Testing groundwater may reveal the potential source of contamination, for instance a leaking underground storage tank, a ruptured pipe or fractured well casing.

Arlene Karidis

November 28, 2017

4 Min Read
How Landfills Prioritize Groundwater Monitoring
Kevork Djansezian/Getty Images

Potential for groundwater contamination and safeguards against it are issues that landfill owners pay close attention to, driven largely by public concern and stringent regulations.

Most solid waste companies have groundwater protection programs and either have staff or consultants dedicated to monitoring to verify they are not negatively impacting nearby bodies of water.

The efforts entail developing sound methods to gather accurate data. They involve addressing complexities that make it hard to determine reasons for changes in groundwater and the potential impacts of those changes. And they entail operating within a regulatory framework that is unique to landfills, presenting further challenges.

“If you are a gas station owner or dry cleaner and you monitor groundwater, the results are simply compared to a regulatory standard. And you are either over or under it,” says Terry Johnson, Waste Management’s senior director, groundwater and technical programs. “But for landfill owners, federal regulations require that, in addition to comparing to standards, they monitor for significant increase or change in groundwater concentrations of certain constituents. Even if we are well below a regulatory standard, if we see an increase we have to react, and on tight timelines.”

Testing groundwater may reveal the potential source of contamination, for instance a leaking underground storage tank, a ruptured pipe or fractured well casing. Testing can determine if groundwater constituents are above or below federal safe drinking water standards. And they can determine the speed of migration or if the contamination is in a drinking water aquifer.

But getting definitive answers is not always easy.  Groundwater is constantly changing naturally. Further, any land disturbance (e.g., road construction) can cause a shift in conditions. These are big considerations as operators work to collect accurate data.

Most recently, Tennessee regulators have spent much time and money investigating extremely high cadmium levels in a well at Camden Landfill. The monitoring tied to that incident is ongoing.

And following a five-year review of a North Hampton, N.H. landfill tied to contaminants reportedly migrating from groundwater there, regulators suggest further investigation, as there are still data gaps.

Some testing parameters may be particularly effective in determining significance of changes in water composition and potential impact.  One example is testing mineral content to understand mixing between water bodies.

“Groundwater is always moving, and analyzing mineral content helps distinguish where it traveled from,” Johnson says. “We can tell how much mixing has occurred between different bodies. We can identify the water body it’s mixing with that explains why the content has changed. And we can show when this is a natural change or a manmade change that is unrelated to the landfill.”

Use of standardized, dedicated sampling equipment can help generate accurate data. For example, a pumping system at each well eliminates errors introduced by portable sampling equipment that could pick up contaminants and move them from well to well.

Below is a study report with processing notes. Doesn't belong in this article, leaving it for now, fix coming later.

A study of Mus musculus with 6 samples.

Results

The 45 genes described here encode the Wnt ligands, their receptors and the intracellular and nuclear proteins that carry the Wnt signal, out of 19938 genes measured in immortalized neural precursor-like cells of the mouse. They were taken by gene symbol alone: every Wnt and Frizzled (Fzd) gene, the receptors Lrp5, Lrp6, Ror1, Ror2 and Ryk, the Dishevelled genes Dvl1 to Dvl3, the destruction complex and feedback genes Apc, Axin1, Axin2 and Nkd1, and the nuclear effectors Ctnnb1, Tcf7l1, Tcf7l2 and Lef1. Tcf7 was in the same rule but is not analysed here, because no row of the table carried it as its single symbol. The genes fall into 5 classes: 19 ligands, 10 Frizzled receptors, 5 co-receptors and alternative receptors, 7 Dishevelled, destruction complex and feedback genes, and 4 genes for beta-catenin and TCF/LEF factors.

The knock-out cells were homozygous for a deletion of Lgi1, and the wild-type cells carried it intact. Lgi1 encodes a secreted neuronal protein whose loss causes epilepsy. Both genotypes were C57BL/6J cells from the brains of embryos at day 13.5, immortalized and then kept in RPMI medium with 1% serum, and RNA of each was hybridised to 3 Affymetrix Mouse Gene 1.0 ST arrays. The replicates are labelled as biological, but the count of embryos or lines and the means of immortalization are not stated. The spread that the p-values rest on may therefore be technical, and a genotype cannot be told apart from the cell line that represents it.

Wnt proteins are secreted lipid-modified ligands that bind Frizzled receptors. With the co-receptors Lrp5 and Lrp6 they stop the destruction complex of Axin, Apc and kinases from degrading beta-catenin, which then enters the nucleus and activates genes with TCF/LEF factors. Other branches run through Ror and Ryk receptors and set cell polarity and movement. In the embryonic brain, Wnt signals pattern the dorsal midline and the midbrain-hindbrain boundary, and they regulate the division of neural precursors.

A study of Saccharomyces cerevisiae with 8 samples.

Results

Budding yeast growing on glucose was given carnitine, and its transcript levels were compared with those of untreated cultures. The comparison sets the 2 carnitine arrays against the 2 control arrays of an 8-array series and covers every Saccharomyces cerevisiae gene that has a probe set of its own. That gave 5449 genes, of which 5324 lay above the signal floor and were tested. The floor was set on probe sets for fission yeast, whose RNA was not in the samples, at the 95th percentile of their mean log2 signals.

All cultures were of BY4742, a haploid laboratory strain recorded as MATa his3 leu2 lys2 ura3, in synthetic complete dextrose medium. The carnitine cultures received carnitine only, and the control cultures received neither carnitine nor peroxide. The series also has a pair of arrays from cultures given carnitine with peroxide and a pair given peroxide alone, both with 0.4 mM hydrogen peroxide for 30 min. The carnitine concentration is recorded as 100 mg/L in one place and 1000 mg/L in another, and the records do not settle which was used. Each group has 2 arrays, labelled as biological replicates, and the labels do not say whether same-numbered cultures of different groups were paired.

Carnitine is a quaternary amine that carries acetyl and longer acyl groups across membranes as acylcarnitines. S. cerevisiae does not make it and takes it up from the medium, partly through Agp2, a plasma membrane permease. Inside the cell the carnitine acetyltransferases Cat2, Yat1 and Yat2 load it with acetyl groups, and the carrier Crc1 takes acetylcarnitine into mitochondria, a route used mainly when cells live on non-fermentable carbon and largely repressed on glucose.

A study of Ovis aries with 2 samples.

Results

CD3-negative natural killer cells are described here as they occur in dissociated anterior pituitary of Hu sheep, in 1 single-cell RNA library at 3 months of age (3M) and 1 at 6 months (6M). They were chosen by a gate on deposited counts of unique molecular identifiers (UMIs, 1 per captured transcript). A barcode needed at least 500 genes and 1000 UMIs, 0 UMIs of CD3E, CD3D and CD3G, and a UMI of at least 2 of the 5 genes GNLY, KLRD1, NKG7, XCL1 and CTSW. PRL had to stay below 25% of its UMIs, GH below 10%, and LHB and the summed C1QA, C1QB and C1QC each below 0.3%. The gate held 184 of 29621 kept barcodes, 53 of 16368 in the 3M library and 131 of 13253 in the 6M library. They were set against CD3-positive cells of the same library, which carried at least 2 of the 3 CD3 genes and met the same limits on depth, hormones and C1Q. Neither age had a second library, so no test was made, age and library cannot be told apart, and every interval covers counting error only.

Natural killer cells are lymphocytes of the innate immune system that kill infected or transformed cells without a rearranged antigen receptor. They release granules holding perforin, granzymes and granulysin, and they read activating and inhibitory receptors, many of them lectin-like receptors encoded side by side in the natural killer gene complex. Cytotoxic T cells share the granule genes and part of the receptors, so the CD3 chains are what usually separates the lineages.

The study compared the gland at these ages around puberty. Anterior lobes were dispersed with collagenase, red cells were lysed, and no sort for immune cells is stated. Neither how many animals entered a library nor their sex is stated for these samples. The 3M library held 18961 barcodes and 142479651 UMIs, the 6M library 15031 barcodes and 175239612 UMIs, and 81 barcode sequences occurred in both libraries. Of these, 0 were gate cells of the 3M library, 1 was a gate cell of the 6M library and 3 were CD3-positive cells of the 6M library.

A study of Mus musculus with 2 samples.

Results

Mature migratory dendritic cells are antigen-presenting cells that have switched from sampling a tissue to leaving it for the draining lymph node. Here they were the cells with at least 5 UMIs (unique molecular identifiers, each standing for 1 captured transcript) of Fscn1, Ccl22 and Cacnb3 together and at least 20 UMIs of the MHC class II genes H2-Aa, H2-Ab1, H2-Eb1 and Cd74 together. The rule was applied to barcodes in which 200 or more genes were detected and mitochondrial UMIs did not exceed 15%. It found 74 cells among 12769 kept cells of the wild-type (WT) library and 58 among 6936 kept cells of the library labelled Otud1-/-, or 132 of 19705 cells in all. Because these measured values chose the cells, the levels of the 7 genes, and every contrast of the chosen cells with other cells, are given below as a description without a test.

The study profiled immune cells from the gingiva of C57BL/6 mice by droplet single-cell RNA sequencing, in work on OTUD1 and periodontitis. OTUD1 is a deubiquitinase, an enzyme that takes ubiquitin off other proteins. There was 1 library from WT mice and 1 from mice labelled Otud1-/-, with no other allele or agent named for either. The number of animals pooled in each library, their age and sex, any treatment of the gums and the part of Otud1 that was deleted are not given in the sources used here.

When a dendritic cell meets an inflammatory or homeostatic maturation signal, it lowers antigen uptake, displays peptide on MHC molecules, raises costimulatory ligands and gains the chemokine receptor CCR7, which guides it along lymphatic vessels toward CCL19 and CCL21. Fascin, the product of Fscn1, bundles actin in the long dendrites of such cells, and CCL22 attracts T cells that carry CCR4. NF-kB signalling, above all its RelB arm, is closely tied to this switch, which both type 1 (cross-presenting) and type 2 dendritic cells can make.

“Dedicated equipment eliminates many sources of variability and human-induced error,” Johnson says. “We have used essentially the same type of dedicated equipment in nearly every monitoring well across the enterprise for over 20 years, resulting in remarkable data consistency.”

Since the late 1980s and 1990s facilities have used a liner and pump system to prevent infiltration of leachate into the ground.

Liners are graded to allow collection of water at one central location. A pump above the liner allows removal of liquids that accumulate there, which are then pumped to a wastewater treatment plant.

“So the liner and pumping system prevent landfill leachate from entering the ground, which had been a big problem prior to the late 1980’s,” says David Pepper, director of capital projects for Waste Industries, an integrated solid waste management company based in Raleigh, N.C. Pepper says in his 30-plus years in the business he, himself, has not seen a leak at a lined landfill.

“One might ask, with these liner protection systems in place why monitor groundwater? It’s another check and balance. It’s a way to verify the liner system is preventing leachate from leaking as it is designed to do,” he says.  

While Waste Management employs many standard monitoring and testing approaches, it sometimes leverages unique approaches, such as collecting isotope data (hydrogen and oxygen).

“This can give us more information to determine where the water came from, or to determine its age, which can also be useful for identifying the source of the water,” says Johnson.

Such innovative sampling methods, proven standard designs, and rigorous site investigations can be key to reliable groundwater monitoring and protection.

About the Author(s)

Arlene Karidis

Freelance writer, Waste360

Arlene Karidis has 30 years’ cumulative experience reporting on health and environmental topics for B2B and consumer publications of a global, national and/or regional reach, including Waste360, Washington Post, The Atlantic, Huffington Post, Baltimore Sun and lifestyle and parenting magazines. In between her assignments, Arlene does yoga, Pilates, takes long walks, and works her body in other ways that won’t bang up her somewhat challenged knees; drinks wine;  hangs with her family and other good friends and on really slow weekends, entertains herself watching her cat get happy on catnip and play with new toys.